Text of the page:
In this 2001 file photo, Jordanian men read a newspaper in a cafe in Amman. (Reuters/Ali Jarekji)
In this 2001 file photo, Jordanian men read a newspaper in a cafe in Amman. (Reuters/Ali Jarekji)

Jordan refuses Egyptian journalist entry

New York, July 11, 2017–Jordanian authorities should lift any restrictions on Egyptian Journalist Wael Mamdouh’s ability to travel to the country, the Committee to Protect Journalists said today.

Immigration officers at Amman’s Queen Alia International Airport yesterday denied Mamdouh entry to Jordan, where he was planning to attend a digital storytelling workshop organized by Jordan’s Arab Reporters for Investigative Journalism (ARIJ), according to a statement by the group and news reports.

Mamdouh, deputy editor of the investigative unit in the Egyptian daily newspaper Al-Masry al-Youm, flew back to Cairo earlier today after spending a night at the airport, according to the reports.

“Preventing foreign journalists from attending media workshops is petty and at odds with Jordan’s commitments to press freedom,” said CPJ Deputy Executive Director Robert Mahoney. “We call on Jordanian immigration authorities to lift any restrictions on Wael Mamdouh’s ability to enter the country immediately.”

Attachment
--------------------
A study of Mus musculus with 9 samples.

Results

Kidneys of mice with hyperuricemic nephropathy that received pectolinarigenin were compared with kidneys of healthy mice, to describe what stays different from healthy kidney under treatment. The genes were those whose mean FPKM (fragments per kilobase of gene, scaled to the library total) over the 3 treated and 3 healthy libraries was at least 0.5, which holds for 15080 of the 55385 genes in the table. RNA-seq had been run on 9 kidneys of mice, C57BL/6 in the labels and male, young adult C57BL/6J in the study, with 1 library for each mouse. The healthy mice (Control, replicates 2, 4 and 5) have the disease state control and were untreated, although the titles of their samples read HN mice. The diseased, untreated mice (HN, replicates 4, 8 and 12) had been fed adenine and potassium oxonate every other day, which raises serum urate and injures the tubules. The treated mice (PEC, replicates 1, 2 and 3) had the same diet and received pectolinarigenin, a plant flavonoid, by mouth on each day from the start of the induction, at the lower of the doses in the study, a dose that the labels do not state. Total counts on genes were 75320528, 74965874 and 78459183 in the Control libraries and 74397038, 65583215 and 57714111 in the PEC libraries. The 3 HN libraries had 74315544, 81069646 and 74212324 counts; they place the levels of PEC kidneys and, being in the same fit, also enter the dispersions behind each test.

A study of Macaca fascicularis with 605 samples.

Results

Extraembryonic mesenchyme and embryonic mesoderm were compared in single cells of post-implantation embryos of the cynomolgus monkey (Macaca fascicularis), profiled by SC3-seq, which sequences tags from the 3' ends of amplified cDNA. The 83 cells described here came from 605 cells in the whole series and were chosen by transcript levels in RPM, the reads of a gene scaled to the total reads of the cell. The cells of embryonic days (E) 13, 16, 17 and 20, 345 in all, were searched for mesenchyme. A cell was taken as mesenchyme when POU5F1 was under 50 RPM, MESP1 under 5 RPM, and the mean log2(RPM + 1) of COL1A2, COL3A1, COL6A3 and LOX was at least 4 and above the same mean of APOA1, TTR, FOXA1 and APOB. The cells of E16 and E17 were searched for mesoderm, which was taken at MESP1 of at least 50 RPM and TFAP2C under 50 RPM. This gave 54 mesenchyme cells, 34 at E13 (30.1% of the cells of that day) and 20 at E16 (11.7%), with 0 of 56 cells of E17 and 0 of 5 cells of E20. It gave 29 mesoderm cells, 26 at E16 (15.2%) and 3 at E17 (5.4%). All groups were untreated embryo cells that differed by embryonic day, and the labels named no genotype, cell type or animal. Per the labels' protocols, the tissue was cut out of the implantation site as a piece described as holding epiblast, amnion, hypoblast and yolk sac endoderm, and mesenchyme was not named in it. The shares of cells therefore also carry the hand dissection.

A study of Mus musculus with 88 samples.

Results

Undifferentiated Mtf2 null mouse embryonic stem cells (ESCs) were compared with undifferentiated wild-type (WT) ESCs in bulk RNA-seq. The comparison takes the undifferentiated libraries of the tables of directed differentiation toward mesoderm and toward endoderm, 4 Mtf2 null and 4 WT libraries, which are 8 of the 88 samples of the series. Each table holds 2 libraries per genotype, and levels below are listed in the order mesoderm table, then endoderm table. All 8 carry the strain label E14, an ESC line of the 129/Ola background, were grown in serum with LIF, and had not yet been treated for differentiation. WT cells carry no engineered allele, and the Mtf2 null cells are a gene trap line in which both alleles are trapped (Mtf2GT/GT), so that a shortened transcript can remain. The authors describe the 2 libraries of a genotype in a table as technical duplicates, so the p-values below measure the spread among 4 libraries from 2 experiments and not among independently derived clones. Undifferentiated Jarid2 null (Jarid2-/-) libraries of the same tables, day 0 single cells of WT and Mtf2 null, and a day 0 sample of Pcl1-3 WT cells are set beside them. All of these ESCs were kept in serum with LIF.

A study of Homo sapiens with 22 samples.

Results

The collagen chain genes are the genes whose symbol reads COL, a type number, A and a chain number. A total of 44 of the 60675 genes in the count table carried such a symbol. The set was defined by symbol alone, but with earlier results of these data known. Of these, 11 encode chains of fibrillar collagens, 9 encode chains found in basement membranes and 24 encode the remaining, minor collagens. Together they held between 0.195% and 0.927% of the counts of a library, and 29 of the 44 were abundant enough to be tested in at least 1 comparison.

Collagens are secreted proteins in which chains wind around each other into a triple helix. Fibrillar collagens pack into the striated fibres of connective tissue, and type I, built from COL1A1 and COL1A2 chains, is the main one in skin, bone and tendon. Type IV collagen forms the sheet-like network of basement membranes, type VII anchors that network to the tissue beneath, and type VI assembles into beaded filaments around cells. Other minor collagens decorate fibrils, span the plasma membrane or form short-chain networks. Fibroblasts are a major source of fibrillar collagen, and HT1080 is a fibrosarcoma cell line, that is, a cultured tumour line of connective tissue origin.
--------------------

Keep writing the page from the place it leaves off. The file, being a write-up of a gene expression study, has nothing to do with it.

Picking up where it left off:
ARIJ Executive Director Rana Sabbagh said in the statement that the group had obtained “official clearance for all Arab and Jordanian participants,” and that official did not provide any reason for denying Mamdouh entry.

The Jordanian Ministry of Interior did not immediately respond to CPJ’s emails requesting comment.

Mamdouh has previously worked with ARIJ on investigative reports on military affairs in Egypt. He also reported on arms smuggling in Egypt’s Sinai Peninsula, and on conditions in a notorious maximum-security prison on the outskirts of Cairo for Al-Masry al-Youm. Jordanian and Egyptian security agencies work closely together.

During a 2016 CPJ mission to Jordan, officials renewed the government’s commitments to press freedom and expressed willingness to work with the parliament to reform restrictive laws governing the press.